A California state law requiring people who are convicted of DUIs to install ignition interlock mechanisms in their vehicles went into effect on Jan. 1. The law was signed by the governor in 2016. In order to get back their privileges to drive, people who have DUI convictions will have to install the devices, which are essentially a Breathalyzer connected to the vehicle's ignition system, preventing the car from starting if the driver has been drinking.
More DUI offenders in California will soon be required to submit to and pass a breath test (breathalyzer) before starting their vehicles. Starting in 2019, a pilot program that started in certain Golden State counties will be expanded statewide because of a bill that was passed with unanimous support. The new law requires first-time DUI offenders involved in incidents that resulted in injuries to use an ignition interlock device (IID) that only allows a vehicle to be started if a breath test is passed.
A study suggests that veterans in California and across the United States may be drunk driving and binge drinking more now than in past years. Researchers for American Addiction Centers looked at data provided by the Center for Disease Control. The data showed observations for behavior risks and looked at the number of incidents of binge drinking by veterans, drunk driving accidents involving a veteran and the number of veterans who experience emotional trauma that may lead to alcohol abuse.
About 30 percent of the motorists involved in fatal accidents in California each year test positive for drugs or alcohol, which is why police departments in the state take impaired driving extremely seriously. Roadside DUI checkpoints and roadblocks have been ruled unconstitutional in 10 states, including Oregon and Washington, but they are often used by law enforcement in California in the battle against drunk and drugged driving.
Police in California say that a call from a concerned citizen led them to a seriously impaired driver on the evening of Nov. 11. After receiving the call at approximately 11:19 p.m., emergency operators dispatched officers from the Petaluma Police Department to a fast food restaurant on East Washington Street. Upon arrival, the officers took a 36-year-old Sonoma County man into custody on suspicion of drunk driving charges.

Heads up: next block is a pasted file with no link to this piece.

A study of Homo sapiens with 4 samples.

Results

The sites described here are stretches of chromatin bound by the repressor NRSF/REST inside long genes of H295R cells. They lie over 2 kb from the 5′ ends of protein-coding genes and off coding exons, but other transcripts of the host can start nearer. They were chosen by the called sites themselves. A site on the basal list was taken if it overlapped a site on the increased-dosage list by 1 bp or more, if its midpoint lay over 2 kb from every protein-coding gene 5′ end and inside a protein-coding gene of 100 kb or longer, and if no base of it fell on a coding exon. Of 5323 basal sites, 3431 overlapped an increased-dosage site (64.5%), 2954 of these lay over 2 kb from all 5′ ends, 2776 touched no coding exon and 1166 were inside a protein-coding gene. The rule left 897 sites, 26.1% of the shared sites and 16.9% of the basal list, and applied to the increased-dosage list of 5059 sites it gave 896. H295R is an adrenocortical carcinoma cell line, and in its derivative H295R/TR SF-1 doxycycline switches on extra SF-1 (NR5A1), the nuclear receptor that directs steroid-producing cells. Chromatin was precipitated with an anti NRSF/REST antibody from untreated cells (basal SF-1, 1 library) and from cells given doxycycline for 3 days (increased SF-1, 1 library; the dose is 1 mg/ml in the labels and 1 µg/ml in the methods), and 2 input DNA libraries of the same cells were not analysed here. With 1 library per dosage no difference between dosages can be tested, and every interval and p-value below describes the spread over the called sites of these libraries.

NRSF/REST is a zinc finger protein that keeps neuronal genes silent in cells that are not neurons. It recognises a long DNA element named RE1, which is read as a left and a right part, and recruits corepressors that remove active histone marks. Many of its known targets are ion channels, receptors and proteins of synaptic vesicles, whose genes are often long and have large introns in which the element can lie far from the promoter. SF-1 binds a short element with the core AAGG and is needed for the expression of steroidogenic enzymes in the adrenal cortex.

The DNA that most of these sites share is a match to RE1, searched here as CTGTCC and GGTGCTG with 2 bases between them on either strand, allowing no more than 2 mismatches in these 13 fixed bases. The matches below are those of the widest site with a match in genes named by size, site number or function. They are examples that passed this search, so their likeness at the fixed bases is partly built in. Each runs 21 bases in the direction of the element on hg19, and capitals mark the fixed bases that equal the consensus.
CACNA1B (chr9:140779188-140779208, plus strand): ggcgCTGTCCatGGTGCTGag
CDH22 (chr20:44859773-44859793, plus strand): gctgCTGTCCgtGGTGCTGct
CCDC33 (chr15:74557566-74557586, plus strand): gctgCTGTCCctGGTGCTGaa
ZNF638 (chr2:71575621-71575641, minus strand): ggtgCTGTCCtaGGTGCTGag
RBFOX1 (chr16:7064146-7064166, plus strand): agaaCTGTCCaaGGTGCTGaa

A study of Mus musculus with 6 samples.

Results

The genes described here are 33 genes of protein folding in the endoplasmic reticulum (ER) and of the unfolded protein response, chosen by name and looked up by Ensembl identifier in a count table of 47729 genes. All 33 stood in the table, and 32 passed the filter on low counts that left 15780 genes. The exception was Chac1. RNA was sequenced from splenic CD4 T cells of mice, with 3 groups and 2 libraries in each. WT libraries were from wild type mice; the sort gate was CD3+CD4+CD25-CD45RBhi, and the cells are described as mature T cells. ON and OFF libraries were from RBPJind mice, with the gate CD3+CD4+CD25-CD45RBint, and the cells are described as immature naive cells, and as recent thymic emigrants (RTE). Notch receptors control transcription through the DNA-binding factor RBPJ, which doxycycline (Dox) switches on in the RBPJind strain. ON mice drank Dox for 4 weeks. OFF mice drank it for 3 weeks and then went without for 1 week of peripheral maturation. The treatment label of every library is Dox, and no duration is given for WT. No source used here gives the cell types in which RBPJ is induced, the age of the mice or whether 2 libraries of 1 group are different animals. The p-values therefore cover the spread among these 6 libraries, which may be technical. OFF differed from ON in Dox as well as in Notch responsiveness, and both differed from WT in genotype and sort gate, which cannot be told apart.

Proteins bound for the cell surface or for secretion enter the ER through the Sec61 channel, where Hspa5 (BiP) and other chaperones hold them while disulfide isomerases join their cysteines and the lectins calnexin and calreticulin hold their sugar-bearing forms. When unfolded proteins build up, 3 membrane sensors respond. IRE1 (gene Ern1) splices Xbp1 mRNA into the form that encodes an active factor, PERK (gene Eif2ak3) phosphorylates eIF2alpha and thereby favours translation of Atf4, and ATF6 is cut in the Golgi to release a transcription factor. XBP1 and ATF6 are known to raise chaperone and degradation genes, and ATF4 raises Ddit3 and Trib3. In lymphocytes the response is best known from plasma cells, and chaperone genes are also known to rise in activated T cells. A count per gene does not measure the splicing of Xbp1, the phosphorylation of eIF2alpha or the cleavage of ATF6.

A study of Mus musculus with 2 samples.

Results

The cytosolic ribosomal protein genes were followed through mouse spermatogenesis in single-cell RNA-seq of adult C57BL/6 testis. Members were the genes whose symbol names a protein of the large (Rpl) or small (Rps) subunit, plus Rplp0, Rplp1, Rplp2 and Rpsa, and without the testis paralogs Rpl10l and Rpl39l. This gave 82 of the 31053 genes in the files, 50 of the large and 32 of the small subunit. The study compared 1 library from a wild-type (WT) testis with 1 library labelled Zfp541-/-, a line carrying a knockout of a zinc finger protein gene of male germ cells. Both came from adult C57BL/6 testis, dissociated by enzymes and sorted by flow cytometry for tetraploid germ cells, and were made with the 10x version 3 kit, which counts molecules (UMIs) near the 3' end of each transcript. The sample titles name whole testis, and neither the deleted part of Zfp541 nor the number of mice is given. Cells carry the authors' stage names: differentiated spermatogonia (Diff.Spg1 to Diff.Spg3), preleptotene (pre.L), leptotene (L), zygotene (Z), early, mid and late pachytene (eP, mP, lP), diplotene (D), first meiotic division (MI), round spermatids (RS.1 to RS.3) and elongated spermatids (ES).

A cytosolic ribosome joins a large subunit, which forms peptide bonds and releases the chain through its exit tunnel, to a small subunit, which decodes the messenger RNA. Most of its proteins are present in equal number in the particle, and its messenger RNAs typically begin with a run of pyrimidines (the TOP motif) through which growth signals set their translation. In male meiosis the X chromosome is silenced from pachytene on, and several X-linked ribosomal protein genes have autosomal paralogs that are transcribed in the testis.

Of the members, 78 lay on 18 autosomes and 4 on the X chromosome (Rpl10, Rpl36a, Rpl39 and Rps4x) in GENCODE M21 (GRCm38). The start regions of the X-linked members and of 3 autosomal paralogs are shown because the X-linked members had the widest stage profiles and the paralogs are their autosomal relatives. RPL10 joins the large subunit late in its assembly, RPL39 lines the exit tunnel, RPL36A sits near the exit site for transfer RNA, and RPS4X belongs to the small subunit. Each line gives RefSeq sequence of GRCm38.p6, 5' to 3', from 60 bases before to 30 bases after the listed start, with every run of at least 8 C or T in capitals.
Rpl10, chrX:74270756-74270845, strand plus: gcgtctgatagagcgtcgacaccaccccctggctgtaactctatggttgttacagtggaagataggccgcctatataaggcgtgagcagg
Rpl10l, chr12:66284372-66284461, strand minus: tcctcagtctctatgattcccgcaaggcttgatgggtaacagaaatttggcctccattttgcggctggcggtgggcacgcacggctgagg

At least one driver is arrested for DUI in Napa County every 12 hours during the summer months, according to statistics released by the California Highway Patrol and other agencies. They made 184 drunk driving arrests between June and August of this year. While Napa police arrested 40 people suspected of driving under the influence, the Sheriff's office arrested 36 more drivers. The California Highway Patrol conducted the vast majority of the arrests, seizing 108 people on DUI charges during that time.
California drivers who are traveling east for the holidays should be aware that on the day before New Year's Eve, Utah will drop its blood alcohol content limit from .08 percent to .05 percent, giving it the lowest drunk driving limit in the nation. The move comes at the recommendation of the National Transportation Safety Board, and other states, including California, could eventually follow suit.
In the early morning hours of October 23, a suspected drunk driver crashed his vehicle into several objects along a California street, causing it to burst into flames. The incident took place in Garden Grove.
On Sept. 16, California authorities arrested Los Angeles Rams football player Aaron Neary on suspicion of drunk driving. He was taken into custody in Simi Valley.
NFL player Daryl Worley expressed gratitude for his second chance to continue his career in California after signing with the Oakland Raiders as a cornerback. He had been expecting to play for the Eagles, but that team waived him after his arrest for drunk driving and possession of an unlicensed weapon. Worley said that he has not heard from the NFL yet about disciplinary actions for violating the league's personal conduct policy.